Gut Stasis in Small Animals – For Bunny & Piggy Owners

The other week, our house bun Biscuit went very quiet around 10pm. He usually goes nuts when we give him his night-time nuggets, jumping in and out of the cage, but that night he just lay there uninterested. I knew something was up so first thing the next morning (still lethargic, still not touched his food) I got him into the vets. When any small animal stops eating it’s serious, but I’d seen him eat hay around 10pm so thought 10-11 hours later things would still be okay. The vet said he had a couple of spurs on his teeth (a common bunny thing) and that he’d already gone into gut stasis (very serious). This is basically when the stomach/intestinal tract stops working and whatever may already be in there starts to bloat the animal with gas. They said they’d have to knock him out and file the spurs off his teeth and that if he came around from that then we’d have to try and get his gut moving again. I’ve had experience of this with a piggy who stopped eating after her cage-mate died of old age and she didn’t recover 😦 so we were devastated to think Biscuit might die from this.

Thankfully he came around from the anaesthetic and we were able to take him home but he needed pain killers and medicine to get his stomach moving again. We also had to syringe feed him some recovery food which is powder mixed with water to make a super nutritious paste.  We managed to get this down him while he was still a little groggy from being knocked out which I do think is what saved his life. A few hours later he picked at some food and had pooped so I was really hopeful that he was on his way to recovering. The next day he was like a different rabbit: perky, eating proper food and running around. I was SO relieved. The vets gave him the all clear and he’s good as new. The teeth thing might never happen again or it could happen any time and the vet has basically said they wouldn’t do anything anyway until the point it got to where he couldn’t eat as the only way to deal with it is to knock him out which is obviously a risk in itself. His diet has changed to more nuggets and less veg to keep his teeth down as much as possible.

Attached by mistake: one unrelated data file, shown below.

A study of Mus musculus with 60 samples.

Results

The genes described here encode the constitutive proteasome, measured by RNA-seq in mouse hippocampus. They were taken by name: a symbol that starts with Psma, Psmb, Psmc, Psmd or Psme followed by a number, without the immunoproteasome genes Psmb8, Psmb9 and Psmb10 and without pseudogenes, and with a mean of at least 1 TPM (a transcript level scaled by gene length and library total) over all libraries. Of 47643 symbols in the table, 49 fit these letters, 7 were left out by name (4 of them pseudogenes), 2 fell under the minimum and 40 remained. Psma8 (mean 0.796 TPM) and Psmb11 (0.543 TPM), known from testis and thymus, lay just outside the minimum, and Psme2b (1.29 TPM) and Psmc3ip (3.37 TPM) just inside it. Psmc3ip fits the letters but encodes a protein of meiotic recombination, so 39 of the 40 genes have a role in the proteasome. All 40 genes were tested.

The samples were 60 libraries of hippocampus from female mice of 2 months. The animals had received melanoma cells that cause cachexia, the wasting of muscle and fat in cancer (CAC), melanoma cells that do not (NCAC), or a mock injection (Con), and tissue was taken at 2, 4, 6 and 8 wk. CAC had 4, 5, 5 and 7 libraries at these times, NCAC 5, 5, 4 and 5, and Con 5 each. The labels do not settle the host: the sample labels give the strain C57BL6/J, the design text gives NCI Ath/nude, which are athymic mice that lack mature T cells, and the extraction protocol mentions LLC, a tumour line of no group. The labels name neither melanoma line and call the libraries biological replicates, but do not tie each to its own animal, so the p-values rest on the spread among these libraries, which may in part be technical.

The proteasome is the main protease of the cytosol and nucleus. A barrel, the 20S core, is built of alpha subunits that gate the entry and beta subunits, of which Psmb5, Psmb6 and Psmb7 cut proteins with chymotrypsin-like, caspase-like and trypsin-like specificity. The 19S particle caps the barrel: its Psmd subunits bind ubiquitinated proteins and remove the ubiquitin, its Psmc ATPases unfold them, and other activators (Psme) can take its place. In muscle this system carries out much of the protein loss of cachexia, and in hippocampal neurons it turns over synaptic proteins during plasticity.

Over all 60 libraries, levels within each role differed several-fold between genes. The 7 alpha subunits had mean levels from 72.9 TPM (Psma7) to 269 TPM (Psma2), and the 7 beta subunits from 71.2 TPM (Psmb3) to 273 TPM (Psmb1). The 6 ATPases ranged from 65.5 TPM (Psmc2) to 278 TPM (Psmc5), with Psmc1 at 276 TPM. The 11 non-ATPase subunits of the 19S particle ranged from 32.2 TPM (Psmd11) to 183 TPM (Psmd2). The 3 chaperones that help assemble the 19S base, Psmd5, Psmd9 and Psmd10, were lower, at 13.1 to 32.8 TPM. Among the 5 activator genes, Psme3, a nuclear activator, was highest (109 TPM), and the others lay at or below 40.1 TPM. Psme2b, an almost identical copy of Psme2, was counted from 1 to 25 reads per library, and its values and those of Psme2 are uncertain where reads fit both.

Just wanted to put this down here so that you can look out for signs in your own animal. If your small animal stops eating or going to the toilet – do not wait to take it to the vet! Biscuit had eaten less than 10 hours before and he nearly died.

  • Watch out for signs that eating is painful.
  • Check front teeth regularly.
  • Check that they’re still going to the toilet.
  • If your animal stops eating or becomes lethargic get him/her to the vets immediately.
  • Have some recovery food to hand and syringe it into their mouths if they’ll take it (rubbing the throat gently can encourage them to swallow). Always go in behind the front teeth and never squirt it directly down the back of the throat or you could choke them.
  • Gut stasis can be caused by other factors such as stress, not just teeth problems.

I’m (obviously) not a vet – I’m just giving you my experience so you can look for the signs in your furry and have the best chance of them surviving should something happen.